The finding by the Food Safety Authority of Ireland of horse meat in frozen beef burgers invokes the following legal provisions:
A) Articles 14 (1) and 16 of Regulation (EC) N° 178/2002 on General Food Law;
B) Regulations 5 (1) and 6 of the European Communities (General Food Law) Regulations 2007.
Under Article 14 (1) of Regulation No. 178/2002, “Food shall not be placed on the market if it is unsafe”. “Unsafe” includes food unfit for human consumption.
The Regulation goes on…
“In determining whether any food is unfit for human consumption, regard shall be had to whether the food is unacceptable for human consumption according to its intended use, for reasons of contamination, whether by extraneous matter or otherwise, or through putrefaction, deterioration or decay.”
So, food is contaminated if it contains extraneous matter.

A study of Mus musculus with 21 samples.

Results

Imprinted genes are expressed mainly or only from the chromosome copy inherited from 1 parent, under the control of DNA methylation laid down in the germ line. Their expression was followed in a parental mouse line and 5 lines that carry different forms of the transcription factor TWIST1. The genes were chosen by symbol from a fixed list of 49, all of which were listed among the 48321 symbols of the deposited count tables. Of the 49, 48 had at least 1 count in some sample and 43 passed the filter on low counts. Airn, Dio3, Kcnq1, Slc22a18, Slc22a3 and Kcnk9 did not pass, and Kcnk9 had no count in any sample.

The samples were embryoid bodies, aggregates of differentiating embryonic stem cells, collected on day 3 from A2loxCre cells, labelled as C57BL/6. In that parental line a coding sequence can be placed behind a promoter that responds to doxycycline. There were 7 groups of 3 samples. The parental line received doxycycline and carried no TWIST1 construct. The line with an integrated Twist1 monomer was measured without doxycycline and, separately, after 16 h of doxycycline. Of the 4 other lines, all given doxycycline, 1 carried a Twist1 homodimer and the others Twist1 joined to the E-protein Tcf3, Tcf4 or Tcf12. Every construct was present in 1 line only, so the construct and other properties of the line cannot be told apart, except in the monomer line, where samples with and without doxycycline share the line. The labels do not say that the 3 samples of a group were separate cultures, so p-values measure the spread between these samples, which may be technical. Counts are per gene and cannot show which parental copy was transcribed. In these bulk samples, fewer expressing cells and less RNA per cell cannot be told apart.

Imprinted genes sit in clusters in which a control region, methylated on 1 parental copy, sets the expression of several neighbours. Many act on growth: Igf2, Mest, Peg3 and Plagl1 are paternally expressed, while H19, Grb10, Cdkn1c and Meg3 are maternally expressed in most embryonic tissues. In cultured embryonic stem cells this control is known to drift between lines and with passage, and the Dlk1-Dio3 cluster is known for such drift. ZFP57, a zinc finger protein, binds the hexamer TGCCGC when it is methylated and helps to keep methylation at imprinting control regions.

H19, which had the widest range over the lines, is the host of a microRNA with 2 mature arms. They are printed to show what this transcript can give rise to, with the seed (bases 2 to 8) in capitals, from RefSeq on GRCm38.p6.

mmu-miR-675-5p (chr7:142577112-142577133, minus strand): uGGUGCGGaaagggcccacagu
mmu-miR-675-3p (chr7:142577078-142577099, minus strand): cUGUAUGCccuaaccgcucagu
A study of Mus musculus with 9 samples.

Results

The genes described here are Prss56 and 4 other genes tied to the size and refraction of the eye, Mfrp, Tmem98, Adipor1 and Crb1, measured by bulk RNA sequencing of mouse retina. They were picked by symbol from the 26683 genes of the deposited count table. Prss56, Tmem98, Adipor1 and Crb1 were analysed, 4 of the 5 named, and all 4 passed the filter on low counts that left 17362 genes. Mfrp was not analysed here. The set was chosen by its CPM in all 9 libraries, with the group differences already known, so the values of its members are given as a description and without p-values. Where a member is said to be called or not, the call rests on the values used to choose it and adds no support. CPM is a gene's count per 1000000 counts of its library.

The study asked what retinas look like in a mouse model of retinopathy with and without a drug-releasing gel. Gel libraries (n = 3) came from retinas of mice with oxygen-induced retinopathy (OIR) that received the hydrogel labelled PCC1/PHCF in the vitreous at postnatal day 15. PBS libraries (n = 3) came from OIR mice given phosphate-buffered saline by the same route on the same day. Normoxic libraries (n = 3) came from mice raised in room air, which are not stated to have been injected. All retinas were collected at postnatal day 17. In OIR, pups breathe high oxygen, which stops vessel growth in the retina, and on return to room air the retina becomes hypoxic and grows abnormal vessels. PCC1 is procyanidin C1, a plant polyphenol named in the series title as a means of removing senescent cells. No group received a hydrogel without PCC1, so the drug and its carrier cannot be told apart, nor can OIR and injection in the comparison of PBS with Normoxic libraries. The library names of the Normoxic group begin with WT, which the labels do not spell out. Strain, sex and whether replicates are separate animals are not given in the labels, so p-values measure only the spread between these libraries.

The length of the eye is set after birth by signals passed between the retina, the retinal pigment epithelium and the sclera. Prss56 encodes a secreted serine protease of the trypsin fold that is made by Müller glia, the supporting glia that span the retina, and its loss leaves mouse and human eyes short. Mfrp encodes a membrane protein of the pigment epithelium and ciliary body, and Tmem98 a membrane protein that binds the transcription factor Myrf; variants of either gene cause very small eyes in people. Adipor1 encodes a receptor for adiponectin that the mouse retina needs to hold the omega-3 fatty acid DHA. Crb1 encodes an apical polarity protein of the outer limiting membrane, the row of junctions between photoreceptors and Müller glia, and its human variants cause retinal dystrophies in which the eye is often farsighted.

Article 16 of Regulation No. 178/2002 provides;
“Without prejudice to more specific provisions of food law, the labelling, advertising and presentation of food or feed, including their shape, appearance or packaging, the packaging materials used, the manner in which they are arranged and the setting in which they are displayed, and the information which is made available about them through whatever medium, shall not mislead consumers.”
Under Regulation 5 (1) of the European Communities (General Food Law) Regulations 2007;
“A food business operator is guilty of an offence if the food business operator places unsafe food on the market or otherwise contravenes Article 14 of the EC Regulation.”
Under Regulation 6 of the European Communities (General Food Law) Regulations 2007;
“A food business operator is guilty of an offence if the food business operator fails to comply with Article 16 of the EC Regulation in the labelling, advertising or presentation of food.”
So, citizens will want to know if there will be prosecutions for the Irish beef burger incident.